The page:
3 Most Common Mistakes People Make When Doing Their Books
If you are a small business owner and you’ve been doing your own books, you are not alone. It’s estimated by some that nearly half of all small business owners do their own books.
According to an online article in Entrepreneur magazine, bookkeeping is also probably your least favorite activity as a small business owner. This is likely because bookkeeping doesn’t come naturally or automatically to anyone. Bookkeeping is an activity that requires specialised training and knowledge in order to be done in an accurate and competent manner.
Keeping up with your accounts is also a time-consuming, and relatively dry and boring pursuit. If you make costly mistakes, there’s also the potential that you will destroy your ability to remain in business. The following are the top 3 most common errors that small business owners make when they do their own books, as well as some tips for how to avoid them.
- Failing to Reconcile the Books with the Bank Account or Doing the Books Infrequently
Do you have any idea how much cash you have on hand in your bank account, or, have you been paying overdraft fees? If your answer is yes, you’ve likely not been reconciling your books with your bank account, or, you’ve been doing your books too infrequently.
Bouncing checks not only costs you money, it can also cost you your reputation with vendors and your community. You can avoid overdraft charges, spot signs of suspicious activity in your accounts, and get a better handle on your finances by reconciling your books with your bank account statements and doing all of your bookkeeping chores more frequently.
Ideally, you will reconcile statements at least monthly, and record transactions daily.
Doing your books more frequently will also help you to make better strategic business decisions and plans, control your cash flows more easily, as well as cost you less time and money when it comes time to do your taxes.
As you do your books, make certain to take the time to jot down a few details for every transaction, while it’s still fresh in your mind. Doing so will save you an enormous amount of time later, when you do your taxes, as you will need more information about your transactions than what is printed on the receipt.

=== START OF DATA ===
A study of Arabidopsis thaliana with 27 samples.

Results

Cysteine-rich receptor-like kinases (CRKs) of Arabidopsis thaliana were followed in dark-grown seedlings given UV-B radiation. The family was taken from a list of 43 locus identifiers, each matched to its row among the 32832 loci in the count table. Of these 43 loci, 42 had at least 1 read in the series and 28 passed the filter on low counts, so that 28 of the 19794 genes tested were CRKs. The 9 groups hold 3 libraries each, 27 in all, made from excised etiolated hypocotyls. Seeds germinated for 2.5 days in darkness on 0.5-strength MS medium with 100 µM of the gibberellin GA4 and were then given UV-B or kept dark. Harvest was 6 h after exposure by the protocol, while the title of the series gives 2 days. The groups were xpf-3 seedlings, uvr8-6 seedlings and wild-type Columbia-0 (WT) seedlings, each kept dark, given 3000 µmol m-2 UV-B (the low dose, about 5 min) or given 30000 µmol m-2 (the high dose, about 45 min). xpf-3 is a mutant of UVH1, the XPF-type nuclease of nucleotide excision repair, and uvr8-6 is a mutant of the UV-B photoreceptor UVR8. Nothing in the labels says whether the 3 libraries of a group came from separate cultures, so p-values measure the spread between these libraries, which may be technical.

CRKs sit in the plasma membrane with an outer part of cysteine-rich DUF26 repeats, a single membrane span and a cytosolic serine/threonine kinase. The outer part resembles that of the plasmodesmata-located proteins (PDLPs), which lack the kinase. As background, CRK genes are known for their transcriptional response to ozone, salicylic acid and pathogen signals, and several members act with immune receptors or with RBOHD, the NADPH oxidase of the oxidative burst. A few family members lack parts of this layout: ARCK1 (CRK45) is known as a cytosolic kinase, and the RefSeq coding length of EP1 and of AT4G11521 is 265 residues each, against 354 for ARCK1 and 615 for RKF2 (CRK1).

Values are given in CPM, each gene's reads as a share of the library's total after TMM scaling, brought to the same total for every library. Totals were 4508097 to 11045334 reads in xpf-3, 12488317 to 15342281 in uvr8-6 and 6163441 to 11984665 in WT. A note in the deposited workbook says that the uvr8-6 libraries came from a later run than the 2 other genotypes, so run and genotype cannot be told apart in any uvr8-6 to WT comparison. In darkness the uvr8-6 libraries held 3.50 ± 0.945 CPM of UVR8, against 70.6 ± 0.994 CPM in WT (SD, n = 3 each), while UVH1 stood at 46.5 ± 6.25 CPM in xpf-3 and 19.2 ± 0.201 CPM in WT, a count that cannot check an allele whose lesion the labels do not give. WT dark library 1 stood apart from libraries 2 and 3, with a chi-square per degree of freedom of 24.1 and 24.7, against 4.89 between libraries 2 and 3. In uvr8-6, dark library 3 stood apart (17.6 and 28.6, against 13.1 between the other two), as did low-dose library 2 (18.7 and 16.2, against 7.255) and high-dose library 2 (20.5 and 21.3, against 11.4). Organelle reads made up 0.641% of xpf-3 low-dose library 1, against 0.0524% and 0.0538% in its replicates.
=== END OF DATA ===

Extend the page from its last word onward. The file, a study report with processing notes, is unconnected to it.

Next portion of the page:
- Failing to Record All of Your Cash Payments and Failing to Keep Receipts
Failing to record all of your cash payments is an easy mistake for small business owners to make. For example, you might be out on the town enjoying a break from work when you happen to see a product that would make running your business easier. So, you just pull the cash out of your pocket and pay for it and either forget to save the receipt, or lose it.
While it might be a small purchase, these cash payments can add up to large sums over the course of the year and result in lost deductions and greater tax liabilities.
So, always get a receipt for all of your cash purchases, keep an envelope handy to store the receipt until you return to work, and then be certain to record the transaction properly, with details, when you do your books.
- Using an Accounting Program That’s too Difficult or Complex for Your Skill Level
Keeping up with the books is difficult enough, but it becomes an almost impossible task if your accounting software is too difficult to use.
Ideally, you will want to use a bookkeeping program that keeps your personal and business accounts separate and that makes it easy for you to record and save all of your transactions.
Your accounting system should make it simple to track receivables, payables, invoices, inventory, sales, payroll, superannuation and tax liabilities as well as enable you to make forecasts and projections based on your historical records.
If your system doesn’t allow you to do all of these things, or if it requires too many man hours to be able to do these tasks, it’s probably time to consider changing your accounting software.